A Stadium Worthy Of The World Cup...Could Be Lonely Once It's Over

The grass got first-class treatment. A committee of scientific experts chose the seeds. Professional gardeners planted the budding sprouts and babied them for more than a year. In September, a specially designed machine cut mature square-meter sections and loaded them onto trucks. Their destination? The sparkling new 80,000-seat Stade de France--site of the upcoming World Cup's opening and final matches.

When workers finally laid down the shining grass carpet, French newspapers saluted the operation as a national victory demonstrating that France is finally getting into gear to host the world's single largest sporting event. The World Cup's opening kickoff is scheduled for June 10, 1998. Organizers expect more than 37 billion people to watch broadcasts of the month-long event, twice the number that tuned in to the Atlanta Olympics.

TOUGH JOB. France may be plagued by high unemployment and doubts about its self-proclaimed grandeur. But when it comes to putting on a party, few countries prepare with so much panache. The $445 million Stade de France is being finished ahead of schedule. Tickets for the opening round are already sold out, six months before expected. And corporate sponsorship has reached $144 million, $40 million more than planned and 2 1/2 times more than the 1994 World Cup in America. "Everything looks like it finally is rolling," says Joel Simon, an editor at Paris-based World Media Live, which is preparing a World Cup Internet site. "It certainly has been a difficult job."

That's an understatement. When France was named host back in 1992, it agreed to build a large stadium to replace Paris' aging Parc des Princes, which holds a paltry 49,000 spectators. A leafy site far south of the city was originally chosen, but when a new government took over in 1993, it wanted one closer to the capital. It chose St. Denis, an impoverished, immigrant-dominated suburb just north of the city. Next, a fierce battle over design erupted, complete with a lawsuit.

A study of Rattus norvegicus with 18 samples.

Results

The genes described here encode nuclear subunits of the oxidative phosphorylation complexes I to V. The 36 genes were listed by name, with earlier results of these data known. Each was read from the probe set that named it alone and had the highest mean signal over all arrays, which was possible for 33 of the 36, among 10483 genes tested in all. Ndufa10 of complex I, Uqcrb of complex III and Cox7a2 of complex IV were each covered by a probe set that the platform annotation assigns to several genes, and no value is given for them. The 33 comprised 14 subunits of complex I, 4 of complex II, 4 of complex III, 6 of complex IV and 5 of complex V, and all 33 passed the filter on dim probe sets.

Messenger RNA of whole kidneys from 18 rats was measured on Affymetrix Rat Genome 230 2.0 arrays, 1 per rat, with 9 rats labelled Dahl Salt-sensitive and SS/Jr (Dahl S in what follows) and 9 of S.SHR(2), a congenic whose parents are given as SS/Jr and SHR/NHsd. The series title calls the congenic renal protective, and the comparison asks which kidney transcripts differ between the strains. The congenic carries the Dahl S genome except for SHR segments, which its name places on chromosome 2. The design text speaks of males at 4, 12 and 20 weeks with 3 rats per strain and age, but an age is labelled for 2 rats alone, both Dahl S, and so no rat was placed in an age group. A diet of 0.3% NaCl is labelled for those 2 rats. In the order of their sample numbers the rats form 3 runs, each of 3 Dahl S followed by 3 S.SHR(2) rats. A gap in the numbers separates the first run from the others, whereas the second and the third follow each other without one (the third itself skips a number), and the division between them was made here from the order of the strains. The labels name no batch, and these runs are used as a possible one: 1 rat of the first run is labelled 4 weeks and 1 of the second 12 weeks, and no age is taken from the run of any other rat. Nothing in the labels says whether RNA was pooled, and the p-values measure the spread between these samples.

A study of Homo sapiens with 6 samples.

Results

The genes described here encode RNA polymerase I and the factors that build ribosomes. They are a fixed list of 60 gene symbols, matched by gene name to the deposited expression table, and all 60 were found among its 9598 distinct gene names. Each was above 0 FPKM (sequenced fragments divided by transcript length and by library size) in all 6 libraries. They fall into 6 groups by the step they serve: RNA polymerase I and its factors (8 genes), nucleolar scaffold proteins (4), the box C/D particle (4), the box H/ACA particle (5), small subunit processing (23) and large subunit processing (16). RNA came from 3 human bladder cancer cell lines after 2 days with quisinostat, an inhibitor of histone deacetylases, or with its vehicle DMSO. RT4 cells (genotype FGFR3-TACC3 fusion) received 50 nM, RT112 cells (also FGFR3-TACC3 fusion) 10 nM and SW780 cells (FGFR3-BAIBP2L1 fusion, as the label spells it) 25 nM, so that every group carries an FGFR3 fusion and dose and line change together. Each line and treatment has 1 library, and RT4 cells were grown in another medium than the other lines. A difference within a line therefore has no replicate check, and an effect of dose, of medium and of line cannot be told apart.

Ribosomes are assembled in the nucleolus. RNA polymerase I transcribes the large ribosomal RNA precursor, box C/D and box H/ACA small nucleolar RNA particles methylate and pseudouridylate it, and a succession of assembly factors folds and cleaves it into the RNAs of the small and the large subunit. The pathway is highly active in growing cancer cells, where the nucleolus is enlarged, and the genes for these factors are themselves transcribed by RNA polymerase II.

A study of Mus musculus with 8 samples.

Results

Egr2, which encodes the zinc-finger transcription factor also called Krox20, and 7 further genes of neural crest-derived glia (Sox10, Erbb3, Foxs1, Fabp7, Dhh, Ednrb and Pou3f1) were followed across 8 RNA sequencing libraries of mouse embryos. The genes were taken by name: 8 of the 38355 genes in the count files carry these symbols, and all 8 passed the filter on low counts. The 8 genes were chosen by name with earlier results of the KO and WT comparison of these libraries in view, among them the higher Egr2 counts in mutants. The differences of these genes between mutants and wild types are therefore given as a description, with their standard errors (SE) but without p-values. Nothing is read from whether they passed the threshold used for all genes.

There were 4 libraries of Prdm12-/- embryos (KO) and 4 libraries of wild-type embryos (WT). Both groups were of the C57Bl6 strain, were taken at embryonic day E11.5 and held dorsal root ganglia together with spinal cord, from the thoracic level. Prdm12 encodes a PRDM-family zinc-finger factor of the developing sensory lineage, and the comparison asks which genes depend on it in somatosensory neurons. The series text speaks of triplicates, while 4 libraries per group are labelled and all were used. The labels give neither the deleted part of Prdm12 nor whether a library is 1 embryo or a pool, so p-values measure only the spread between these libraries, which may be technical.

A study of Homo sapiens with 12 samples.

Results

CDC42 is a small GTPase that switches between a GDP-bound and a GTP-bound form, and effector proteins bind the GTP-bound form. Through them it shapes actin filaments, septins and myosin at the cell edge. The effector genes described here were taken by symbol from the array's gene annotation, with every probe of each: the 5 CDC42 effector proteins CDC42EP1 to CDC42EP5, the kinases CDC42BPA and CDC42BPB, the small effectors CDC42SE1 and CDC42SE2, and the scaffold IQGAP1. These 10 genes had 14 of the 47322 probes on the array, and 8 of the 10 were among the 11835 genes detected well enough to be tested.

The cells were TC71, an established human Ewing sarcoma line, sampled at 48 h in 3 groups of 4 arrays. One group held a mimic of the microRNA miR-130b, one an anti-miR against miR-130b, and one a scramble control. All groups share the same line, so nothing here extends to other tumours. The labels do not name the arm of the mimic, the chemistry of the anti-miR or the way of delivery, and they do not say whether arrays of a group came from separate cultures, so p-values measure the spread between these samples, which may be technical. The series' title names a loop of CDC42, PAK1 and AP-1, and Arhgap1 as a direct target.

Even after contracts were signed, the builders found chemicals contaminating the stadium site. Construction was delayed for more months. "Many said we could never finish in time," recalls Stephanie Husson, the Stade's spokeswoman. But the immense, 17-hectare project will be opened in November, only 30 months after the first stone was laid--and its soaring silhouette, designed by Michel Macary, is fast winning admirers.

The Cup's marketing effort also ran into difficulties. France's national football team didn't even qualify for the 1994 World Cup in the U.S. "When we started searching for money, the recession had just begun and everyone was so depressed about our national team," recalls Nathalie Hachet of the French Organizing Committee for the World Cup. Into the void stepped Michel Platini, the former star French midfielder. As the committee's co-president, he visited many potential sponsors. "When CEOs heard that Platini wanted to meet with them, they opened their doors," says Hachet. Corporate donations started to flow--and France's World Cup ball was rolling.

Platini will need all his vaunted playmaking skills to overcome some simmering disputes. Anheuser-Busch Cos., an official sponsor, wants its Budweiser logo splashed over the World Cup stadiums. French law forbids ads for suds at sports stadiums or on TV broadcasts of events. Anheuser hoped for an exemption from business-friendly conservative lawmakers, but the Sports Minister in France's new left-wing government is a Communist. "Anheuser won't be on TV," confirms Hachet.


An even greater challenge will be finding a use for the Stade de France after the World Cup. Some 35 sports events and 1.7 million spectators a year are needed to make the stadium economically viable. So far, only five rock concerts, five rugby matches, and the French national team's football matches are scheduled. The French capital's leading football team, Paris St. Germain, is refusing to move into the new facility, saying it's too big.

One possible solution is to find another team willing to move in. Another is to bid for the 2008 Olympics. But that would leave a decade ahead with a near-empty stadium. So the World Cup party could leave the hosts with a hangover.